The US cut a Taiwanese minister from a video feed after she displayed a map showing her country as separate from China


  • Several minutes later, when she spoke again, video feed of her presentation had been cut.

  • Sources told Reuters it was deliberate. The State Department said it was a technical error.

A Taiwanese minister was cut from a video feed of President Joe Biden's democracy summit minutes after she presented a map showing her country as separate from China.

The State Department blamed a technical error, though Reuters reported, citing sources familiar with the matter, that it was deliberate.

China insists that Taiwan is part of the country, whereas Taiwan, which has been self-governing for decades, is fiercely opposed to the idea.

Speaking by video link as part of the Summit for Democracy on Friday, Taiwan's digital minister, Audrey Tang, presented a map showing countries ranked by civil rights as part of a "digital authoritarianism" discussion.

The map, created by the nonprofit Civicus, which appeared on screen for about a minute, showed Taiwan marked in green, meaning it was "open," whereas China was marked in red, meaning "closed."

When the moderator returned to Tang about 20 minutes later, she was heard only on audio, with a visual placeholder reading "Minister Audrey Tang, Taiwan."

Shortly after, a disclaimer appeared on the video feed, saying: "Any opinions expressed by individuals on this panel are those of the individual, and do not necessarily reflect the views of the United States government."

Watch her presentation of the map around the four-hour, 24-minute mark, and the moment in which only her audio appears around the four-hour, 45-minute mark:

Reuters reported, citing a source familiar with the matter, that US officials were spooked by the map and worried that it appeared to show Taiwan as separate from China.

As a result, White House officials then told the summit's producers to make Tang's feed audio-only, Reuters reported.

"They choked," the source told Reuters, referring to the White House.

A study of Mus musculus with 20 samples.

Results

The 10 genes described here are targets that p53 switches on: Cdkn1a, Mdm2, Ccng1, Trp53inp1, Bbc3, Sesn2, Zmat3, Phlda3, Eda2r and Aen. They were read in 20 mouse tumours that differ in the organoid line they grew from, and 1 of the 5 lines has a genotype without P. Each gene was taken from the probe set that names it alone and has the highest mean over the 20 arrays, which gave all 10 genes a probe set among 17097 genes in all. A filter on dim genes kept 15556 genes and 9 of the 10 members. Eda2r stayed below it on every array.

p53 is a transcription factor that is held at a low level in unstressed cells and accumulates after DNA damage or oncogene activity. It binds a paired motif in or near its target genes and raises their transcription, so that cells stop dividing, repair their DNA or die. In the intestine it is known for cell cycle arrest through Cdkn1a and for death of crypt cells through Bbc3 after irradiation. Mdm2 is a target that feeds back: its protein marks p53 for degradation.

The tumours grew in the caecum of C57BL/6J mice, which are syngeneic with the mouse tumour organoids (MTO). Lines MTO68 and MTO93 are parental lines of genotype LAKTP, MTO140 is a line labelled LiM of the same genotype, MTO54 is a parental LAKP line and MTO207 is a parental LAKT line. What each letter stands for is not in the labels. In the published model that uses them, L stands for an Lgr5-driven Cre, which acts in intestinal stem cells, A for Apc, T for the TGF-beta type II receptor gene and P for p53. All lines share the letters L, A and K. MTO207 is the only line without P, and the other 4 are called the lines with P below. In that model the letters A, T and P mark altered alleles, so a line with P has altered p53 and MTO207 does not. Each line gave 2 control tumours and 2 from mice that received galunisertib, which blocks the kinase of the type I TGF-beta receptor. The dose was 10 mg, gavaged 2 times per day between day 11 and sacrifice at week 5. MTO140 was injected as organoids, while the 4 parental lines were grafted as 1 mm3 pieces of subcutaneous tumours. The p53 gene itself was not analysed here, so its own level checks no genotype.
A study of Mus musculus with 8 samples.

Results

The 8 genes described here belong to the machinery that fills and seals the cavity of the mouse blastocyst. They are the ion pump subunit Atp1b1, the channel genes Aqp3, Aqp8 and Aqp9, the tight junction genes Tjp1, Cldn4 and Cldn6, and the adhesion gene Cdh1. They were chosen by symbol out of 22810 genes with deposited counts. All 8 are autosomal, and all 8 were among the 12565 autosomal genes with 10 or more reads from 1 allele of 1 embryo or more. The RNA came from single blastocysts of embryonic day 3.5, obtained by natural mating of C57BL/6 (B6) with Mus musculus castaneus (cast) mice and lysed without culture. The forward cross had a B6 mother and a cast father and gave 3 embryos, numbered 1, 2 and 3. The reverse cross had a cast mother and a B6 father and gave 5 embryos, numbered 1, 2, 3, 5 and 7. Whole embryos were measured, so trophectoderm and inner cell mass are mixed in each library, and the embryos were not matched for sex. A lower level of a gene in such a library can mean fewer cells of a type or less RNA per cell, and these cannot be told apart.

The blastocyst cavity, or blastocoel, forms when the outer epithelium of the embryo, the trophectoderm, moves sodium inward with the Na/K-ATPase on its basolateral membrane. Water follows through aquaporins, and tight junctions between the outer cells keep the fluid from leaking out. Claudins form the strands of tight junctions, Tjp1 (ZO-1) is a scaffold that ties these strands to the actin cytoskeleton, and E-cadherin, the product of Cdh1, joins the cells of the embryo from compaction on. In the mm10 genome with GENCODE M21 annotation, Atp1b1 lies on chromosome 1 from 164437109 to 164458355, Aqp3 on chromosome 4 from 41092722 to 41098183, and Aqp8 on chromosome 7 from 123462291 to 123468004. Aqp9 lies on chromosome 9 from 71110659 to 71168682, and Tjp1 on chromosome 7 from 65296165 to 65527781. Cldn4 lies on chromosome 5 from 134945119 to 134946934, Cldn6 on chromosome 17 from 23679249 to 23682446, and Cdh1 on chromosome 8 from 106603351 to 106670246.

"It was clearly policy concerns," another source told Reuters. "This was completely an internal overreaction."

But US officials denied that the feed was cut deliberately. The White House and State Department did not immediately respond to Insider's request for comment.

The State Department told Reuters it was "an honest mistake" caused by "confusion" over screen-sharing. The White House National Security Council also told the outlet it was caused by confusion.

But according to Reuters, the council had sent multiple emails to the State Department over the issue and the White House later complained to Taiwanese officials. Taiwan responded by saying it was angered that Tang's video was cut, Reuters reported.

But Tang told Reuters: "No, I do not believe that this has anything to do with the CIVICUS map in my slides, or U.S. allies in Asia for that matter."

President Joe Biden seen the virtual Summit for Democracy in Washington, DC, on December 10, 2021.
President Joe Biden seen the virtual Summit for Democracy in Washington, DC, on Friday.REUTERS/Leah Millis

In recent weeks, the Biden administration has tried to avoid committing to whether it supports the notion that Taiwan is independent of China, so as to not upset Beijing. China's aggressive posturing toward Taiwan, meanwhile, has increased in recent months.

In October, Biden appeared to suggest that the US would defend Taiwan from an attack by China, prompting the White House to clarify hours later that the US policy of "strategic ambiguity" had not changed.

And in November, Biden hinted at, then appeared to retract, support for Taiwanese independence, prompting Chinese President Xi Jinping to tell Biden during their meeting that he was "playing with fire."

Later that month, a spokesperson for the Chinese government said that Biden's inviting Taiwan to his democracy summit was a "mistake."